Combined, it is estimated that cancer will take the lives of more than 50,000 American women in 2010. This year they also will challenge more than 225,000 women in the United States to a fight for their life, threatening families of every race, age and socio-economic status.  

But breast cancer and ovarian cancer don’t have to be a death sentence. In fact, caught early and treated aggressively, survival rates for both cancers are better than many other forms of the disease.

Are You at Risk?

Outside of skin cancers, breast cancer is the most common form of cancer among American women. While ovarian cancer is not nearly as common, it shares some of the same risk factors, such as:

• Personal history of breast or ovarian cancer

• Not having children

• Not breast feeding

• Poor diet/obesity

• Use of alcohol 

Age also is a big factor.

“As with any type of cancer, as you get older, you have an increased risk of these diseases,” says Leigh Nordstrom, MD, internal medicine physician on the medical staff of Baylor Medical Center at Waxahachie.

However, one of the strongest predictors of both breast and ovarian cancer is family history.

Women who inherit a mutated BRCA gene are at a substantially greater risk of developing one or both of these cancers.

In fact, women with a mutated BRCA gene have up to an 80 percent chance of getting breast cancer and up to a 40 percent chance of getting ovarian cancer at some point during their life. 

“Women with a significant family history of breast or ovarian cancer are typically referred to a genetic counselor to be screened for the mutated BRCA gene,” says Valerie Gorman, MD, general surgeon and breast surgeon on the medical staff of Baylor Waxahachie. “If diagnosed with the gene, preventative double mastectomy is commonly recommended along with removal of the ovaries.”

Lowering the Odds

To mitigate some risk for breast and ovarian cancer, women should maintain a healthy weight, not smoke, moderate use of alcohol and find out their family history of cancer.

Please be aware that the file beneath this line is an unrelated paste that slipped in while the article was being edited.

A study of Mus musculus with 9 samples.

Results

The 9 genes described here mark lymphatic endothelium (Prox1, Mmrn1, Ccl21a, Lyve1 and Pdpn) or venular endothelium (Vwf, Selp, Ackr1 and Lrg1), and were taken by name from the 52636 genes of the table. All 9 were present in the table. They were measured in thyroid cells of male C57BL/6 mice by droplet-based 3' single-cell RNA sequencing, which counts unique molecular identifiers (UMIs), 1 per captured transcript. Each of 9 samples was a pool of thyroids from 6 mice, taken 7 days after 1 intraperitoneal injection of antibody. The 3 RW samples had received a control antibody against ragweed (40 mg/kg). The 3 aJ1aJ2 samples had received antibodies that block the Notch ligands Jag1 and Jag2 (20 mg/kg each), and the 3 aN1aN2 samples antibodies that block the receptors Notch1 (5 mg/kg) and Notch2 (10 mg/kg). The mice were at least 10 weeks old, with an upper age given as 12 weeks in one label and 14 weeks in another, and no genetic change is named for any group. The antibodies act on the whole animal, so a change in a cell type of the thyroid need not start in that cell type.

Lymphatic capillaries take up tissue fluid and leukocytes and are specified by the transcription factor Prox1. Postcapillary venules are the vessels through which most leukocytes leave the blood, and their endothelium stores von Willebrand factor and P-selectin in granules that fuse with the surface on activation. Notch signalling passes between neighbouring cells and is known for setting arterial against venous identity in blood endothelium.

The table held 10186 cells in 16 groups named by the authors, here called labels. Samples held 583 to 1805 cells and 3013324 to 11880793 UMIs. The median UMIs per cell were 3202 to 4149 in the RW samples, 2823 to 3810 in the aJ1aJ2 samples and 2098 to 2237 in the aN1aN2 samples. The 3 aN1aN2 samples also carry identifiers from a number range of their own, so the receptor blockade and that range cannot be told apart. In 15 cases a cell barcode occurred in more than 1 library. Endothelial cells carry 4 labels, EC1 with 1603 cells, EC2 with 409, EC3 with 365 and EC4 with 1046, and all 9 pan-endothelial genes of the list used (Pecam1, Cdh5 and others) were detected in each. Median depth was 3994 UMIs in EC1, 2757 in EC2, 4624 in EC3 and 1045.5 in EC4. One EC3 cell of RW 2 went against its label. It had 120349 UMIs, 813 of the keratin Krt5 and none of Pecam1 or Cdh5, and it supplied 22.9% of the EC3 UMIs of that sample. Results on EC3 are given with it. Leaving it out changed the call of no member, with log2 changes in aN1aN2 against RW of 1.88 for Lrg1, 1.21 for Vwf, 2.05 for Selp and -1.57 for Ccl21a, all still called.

Talk to your doctor about screening options if cancer – especially breast and ovarian cancer – runs in your family.   

“There are other things that can help prevent these types of cancer,” says Dr. Nordstrom. “However, you should always discuss them with your doctor, since some measures – such as starting birth control – carry with

them their own risks.” 

Diagnosing the Disease

Women must be their own first line of defense against breast and ovarian cancer not only by living a healthy lifestyle, but by being vigilant to changes in their bodies.

The American Cancer Society recommends that women begin self-breast exams at age 20. During a self-breast exam, women should feel for an abnormal mass and look for nipple discharge, changes in the texture of the skin, reddening of the skin and swelling.

“It’s an easy thing to do once a month, and if you make it a habit, it can make a world of difference in saving your life,” says Dr. Gorman. “There are breast cancers that don’t show up on mammograms, and the only way they are found is through self-breast exam.”

Dr. Gorman believes that women over 40 should get an annual screening mammogram in accordance with guidelines set by the American Cancer Society and backed by several other prestigious medical organizations.    

A Difficult Catch

“The bad thing about ovarian cancer is that we don’t have a very good screening test, and you don’t generally have a lot of signs or symptoms,” explains Dr. Nordstrom. “A lot of women think when they get their Pap smear they are getting screened for all cancers affecting the reproductive organs. And while the Pap smear is a very good test, it is specific to the cervix.”

Bloating, nausea, change in bowel movements, decreased urination, backaches and changes in the menstrual cycle, are all possible symptoms of ovarian cancer.

Dr. Nordstrom acknowledges though that these are all very vague symptoms since most women experience all of them at some point during their life.

“However,” she says, “if these symptoms are something out of the ordinary for you and if they persist, it’s time to go to the doctor.”

Dr. Gorman echoes that advice when it comes to breast cancer and any other health concern a woman may have during her lifetime. “If something is different, go to your doctor and find out. You’d rather it be something simple, but if it is something serious like breast cancer, the sooner it’s found, the better.”

Taking Out a Tumor

Surgery and chemotherapy are generally the cornerstones of any breast or ovarian cancer treatment plan.

However, in recent years, an exciting new type of radiation therapy – partial breast radiation – has been saving women with early stage breast cancer weeks of treatment and sparing breast tissue.

“A catheter is inserted into the area of the breast where we removed the tumor,” explains Dr. Gorman. “Then, a radiation oncologist delivers radiation seeds through the catheter and radiates just that area rather than the whole breast. It’s five days of radiation rather than eight weeks, and it has great cosmetic as well as medical results.”

Physicians are members of the medical staff at one of Baylor Health Care System’s subsidiary, community or affiliated medical centers and are neither employees nor agents of those medical centers, Baylor Medical Center at Waxahachie or Baylor Health Care System.